Digital is getting younger
‘I don’t want to grow up!’ – A return to childhood in the digital age.
Is digital getting younger a response to the increasingly younger digital native? Or is it, instead, a ‘head-in-the-sand’ response to the demands of a bleak, everyday reality?
There is an undeniable comfort in the escape to an illusory reality where expression can be executed on the most basic level. The refusal to adhere to the societal conventions of language can be seen as a form of social rebellion, a refusal to accept the current state of things, and ultimately, an indication of the desire to return to a romanticized and idealized state of innocence.
So why, when adulthood is associated with freedom and the ability to exercise personal autonomy, are we being constrained by an abundance of social media norms that prescribe a certain way of living that does not conform to modes of independence? A ‘like’ has become the currency of choice, and we slavishly communicate with followers, not friends.
This is the paradox of social media. Conceived to bring us closer together, it appears to be doing the opposite. The terminology ‘social media’ is in itself is a misnomer, with the emphasis not on networking or true human connection but on how we ‘brand’ our social identities to the world, selectively choosing the best parts of our lives to upload and share whilst discarding or ignoring those that don’t quite make the cut. This form of self-marketing has become progressively easier thanks to the increasingly wide-spread practice of visual communication.
Emoji and gifs (both static and animated) are replacing the written word, distorting the boundaries of age in the social media world. Text speak is no longer in fashion, with the rise of the emoji overpowering and eclipsing all forms of previous (and now out-dated) ‘txt spk’.
Emoji are universally recognisable, transcending language barriers and simplifying the way we communicate on a global scale. The unprecedented popularity of the emoji in 21st century communication was consolidated at the end of last year with the ‘Face with Tears of Joy’ winning ‘Oxford Dictionaries Word of the Year 2015’.
This award heralded the peak in a year of emoji frenzy, which saw the emojification of Moby Dick and Alice in Wonderland as well as brands such as Toyota and Coca-Cola using branded emoji on twitter as part of their marketing campaigns.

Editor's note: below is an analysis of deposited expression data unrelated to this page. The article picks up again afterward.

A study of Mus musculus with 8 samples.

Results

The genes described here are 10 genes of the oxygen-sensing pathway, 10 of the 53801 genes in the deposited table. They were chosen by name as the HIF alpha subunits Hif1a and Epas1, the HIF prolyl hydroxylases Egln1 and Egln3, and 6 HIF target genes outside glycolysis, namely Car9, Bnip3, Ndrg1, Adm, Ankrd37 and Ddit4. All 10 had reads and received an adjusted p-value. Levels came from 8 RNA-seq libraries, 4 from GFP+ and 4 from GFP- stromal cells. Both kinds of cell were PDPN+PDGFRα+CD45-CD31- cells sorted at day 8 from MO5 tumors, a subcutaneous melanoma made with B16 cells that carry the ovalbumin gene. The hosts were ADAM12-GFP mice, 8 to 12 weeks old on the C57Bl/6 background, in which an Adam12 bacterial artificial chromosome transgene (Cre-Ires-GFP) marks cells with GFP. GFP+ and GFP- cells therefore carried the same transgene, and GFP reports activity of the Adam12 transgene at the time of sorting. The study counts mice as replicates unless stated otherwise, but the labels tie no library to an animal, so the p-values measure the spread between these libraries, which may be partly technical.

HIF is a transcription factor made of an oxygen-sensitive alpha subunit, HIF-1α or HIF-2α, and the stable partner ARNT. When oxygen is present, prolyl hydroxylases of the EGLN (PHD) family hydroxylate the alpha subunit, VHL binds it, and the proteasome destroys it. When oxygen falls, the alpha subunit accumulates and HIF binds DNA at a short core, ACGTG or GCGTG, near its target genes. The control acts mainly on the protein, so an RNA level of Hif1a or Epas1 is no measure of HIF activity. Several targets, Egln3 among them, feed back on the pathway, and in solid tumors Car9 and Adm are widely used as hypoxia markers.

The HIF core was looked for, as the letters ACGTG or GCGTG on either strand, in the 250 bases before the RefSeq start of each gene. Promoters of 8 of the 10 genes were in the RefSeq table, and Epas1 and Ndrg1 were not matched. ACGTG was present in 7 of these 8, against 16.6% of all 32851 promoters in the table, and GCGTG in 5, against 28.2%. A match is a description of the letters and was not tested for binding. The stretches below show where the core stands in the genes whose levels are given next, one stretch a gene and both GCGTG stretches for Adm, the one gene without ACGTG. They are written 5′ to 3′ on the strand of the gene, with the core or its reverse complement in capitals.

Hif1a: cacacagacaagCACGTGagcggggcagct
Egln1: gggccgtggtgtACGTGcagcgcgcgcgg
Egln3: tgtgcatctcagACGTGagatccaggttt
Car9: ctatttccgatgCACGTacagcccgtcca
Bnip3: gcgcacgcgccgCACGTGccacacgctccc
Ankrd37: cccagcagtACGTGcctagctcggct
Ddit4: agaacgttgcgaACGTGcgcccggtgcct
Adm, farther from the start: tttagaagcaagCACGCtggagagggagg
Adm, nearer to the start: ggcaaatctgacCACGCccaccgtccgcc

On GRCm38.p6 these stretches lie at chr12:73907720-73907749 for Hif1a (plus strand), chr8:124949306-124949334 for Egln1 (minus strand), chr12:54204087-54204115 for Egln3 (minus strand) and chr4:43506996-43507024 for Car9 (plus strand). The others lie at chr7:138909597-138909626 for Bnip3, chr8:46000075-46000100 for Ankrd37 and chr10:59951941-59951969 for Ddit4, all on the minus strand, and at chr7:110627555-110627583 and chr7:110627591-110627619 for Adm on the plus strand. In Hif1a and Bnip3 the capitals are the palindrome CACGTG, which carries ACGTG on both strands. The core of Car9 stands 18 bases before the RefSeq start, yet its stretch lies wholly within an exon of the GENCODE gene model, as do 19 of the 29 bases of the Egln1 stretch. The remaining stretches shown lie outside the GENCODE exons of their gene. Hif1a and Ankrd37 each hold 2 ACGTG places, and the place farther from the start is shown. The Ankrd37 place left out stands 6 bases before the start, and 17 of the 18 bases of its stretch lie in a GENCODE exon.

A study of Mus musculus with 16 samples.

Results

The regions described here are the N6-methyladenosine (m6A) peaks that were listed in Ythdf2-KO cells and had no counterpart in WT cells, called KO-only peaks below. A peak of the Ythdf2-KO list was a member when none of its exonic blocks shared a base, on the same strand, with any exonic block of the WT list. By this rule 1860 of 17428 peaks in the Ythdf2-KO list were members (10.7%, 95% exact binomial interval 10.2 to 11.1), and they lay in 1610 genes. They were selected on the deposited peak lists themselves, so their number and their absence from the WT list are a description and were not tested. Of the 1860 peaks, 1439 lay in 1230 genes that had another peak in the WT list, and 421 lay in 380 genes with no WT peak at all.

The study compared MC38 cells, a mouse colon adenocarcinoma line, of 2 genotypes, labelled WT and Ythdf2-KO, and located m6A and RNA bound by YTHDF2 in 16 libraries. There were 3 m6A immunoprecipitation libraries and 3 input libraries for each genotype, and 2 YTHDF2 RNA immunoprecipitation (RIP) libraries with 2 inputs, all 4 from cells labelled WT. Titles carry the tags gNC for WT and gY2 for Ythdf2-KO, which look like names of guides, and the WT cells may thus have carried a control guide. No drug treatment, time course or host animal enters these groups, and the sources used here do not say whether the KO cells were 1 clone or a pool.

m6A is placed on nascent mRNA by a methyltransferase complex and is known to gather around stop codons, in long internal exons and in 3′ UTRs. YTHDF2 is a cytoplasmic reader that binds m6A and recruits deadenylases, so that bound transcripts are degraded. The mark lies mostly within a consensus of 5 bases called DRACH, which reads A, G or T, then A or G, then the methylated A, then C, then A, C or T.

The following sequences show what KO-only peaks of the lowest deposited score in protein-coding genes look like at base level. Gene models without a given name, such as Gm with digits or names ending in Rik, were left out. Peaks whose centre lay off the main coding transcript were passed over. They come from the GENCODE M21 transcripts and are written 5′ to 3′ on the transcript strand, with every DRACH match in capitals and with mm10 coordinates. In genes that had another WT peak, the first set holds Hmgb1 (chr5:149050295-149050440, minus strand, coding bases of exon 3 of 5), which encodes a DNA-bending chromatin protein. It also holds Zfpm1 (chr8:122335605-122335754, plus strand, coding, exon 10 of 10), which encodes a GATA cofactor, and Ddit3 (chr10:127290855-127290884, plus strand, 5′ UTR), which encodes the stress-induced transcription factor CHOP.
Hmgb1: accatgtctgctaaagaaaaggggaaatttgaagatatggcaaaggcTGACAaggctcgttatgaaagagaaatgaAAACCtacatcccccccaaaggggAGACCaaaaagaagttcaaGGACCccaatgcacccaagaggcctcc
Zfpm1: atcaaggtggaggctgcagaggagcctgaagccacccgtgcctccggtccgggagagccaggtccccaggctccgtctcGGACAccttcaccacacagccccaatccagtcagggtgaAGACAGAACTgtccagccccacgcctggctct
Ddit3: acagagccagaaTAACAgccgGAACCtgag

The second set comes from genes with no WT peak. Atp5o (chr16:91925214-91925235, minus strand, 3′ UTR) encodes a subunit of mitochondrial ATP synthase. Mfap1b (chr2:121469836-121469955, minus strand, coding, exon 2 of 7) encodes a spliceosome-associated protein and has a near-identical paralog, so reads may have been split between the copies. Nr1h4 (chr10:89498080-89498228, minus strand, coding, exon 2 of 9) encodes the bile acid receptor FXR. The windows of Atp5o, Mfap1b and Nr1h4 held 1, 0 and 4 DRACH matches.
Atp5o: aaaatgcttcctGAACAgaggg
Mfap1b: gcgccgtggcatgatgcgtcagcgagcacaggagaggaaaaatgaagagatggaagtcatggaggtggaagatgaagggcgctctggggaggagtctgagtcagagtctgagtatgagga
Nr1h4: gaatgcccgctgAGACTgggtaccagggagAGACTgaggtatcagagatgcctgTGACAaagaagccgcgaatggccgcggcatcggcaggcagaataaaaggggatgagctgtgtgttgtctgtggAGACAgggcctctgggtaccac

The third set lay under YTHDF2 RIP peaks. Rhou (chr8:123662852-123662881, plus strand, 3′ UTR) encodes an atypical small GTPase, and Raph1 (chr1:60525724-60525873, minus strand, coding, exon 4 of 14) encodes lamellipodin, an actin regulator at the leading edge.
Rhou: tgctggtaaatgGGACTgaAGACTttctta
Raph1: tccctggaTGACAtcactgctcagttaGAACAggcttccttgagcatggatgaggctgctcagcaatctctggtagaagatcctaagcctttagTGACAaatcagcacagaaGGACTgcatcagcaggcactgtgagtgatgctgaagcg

The word ‘emoji’ comes from the Japanese ‘e’ 絵 (picture) and ‘moji’ 文字 (character). Japanese telecom leader NTT DoCoMo first introduced a very basic form of the emoji in Japan in 1999. These rudimentary pixels soon grew into a more recognizable form of the emoji as we know it today, adhering to the Japanese concept of ‘kawaii’ or the quality of being ‘cute’.
This phenomenon is deeply rooted in a Japanese cultural tradition, which spans decades. Emerging in the 1970s, kawaii was initially conceived as a form of youthful rebellion against Japanese culture, demonstrated by the informal and cute writing style invented by Japanese students. This style of writing adopted the Western direction of writing left to right, as well as a liberal scattering of exclamatory symbols, hearts, and smiley faces. This trend was mainly popular amongst the female student population, continuing through to the 1980s where it manifested itself in many aspects of Japanese pop culture, highlighting the desire for immaturity and fun over the more rigid-structures of adult life and responsibility.
Language, then, becomes the medium of choice through which to protest against imposed social structures without resorting to aggression or violence. Defying the conventions of written and spoken language through visual communication may seem a passing fad, but given the speed of change in a globalised world, it will not be long before a new, faster, and more direct communication trend comes to the fore.
What does the future of social media look like? Does it mark the beginning of a journey to a society where post-language becomes the vernacular? Given the rapid speed of transformation and change, this is not an unlikely scenario, seen already with the evidenced crystallization of Internet related verbs including ‘google’ and ‘facebook’ as well as the transliteration of text speak and emoticons such as ‘LOL’ and ‘sad face’.
It should not be out of the question, therefore, to claim that someday, maybe soon, it will be the common acceptance that ‘an emoji speaks a thousand words’.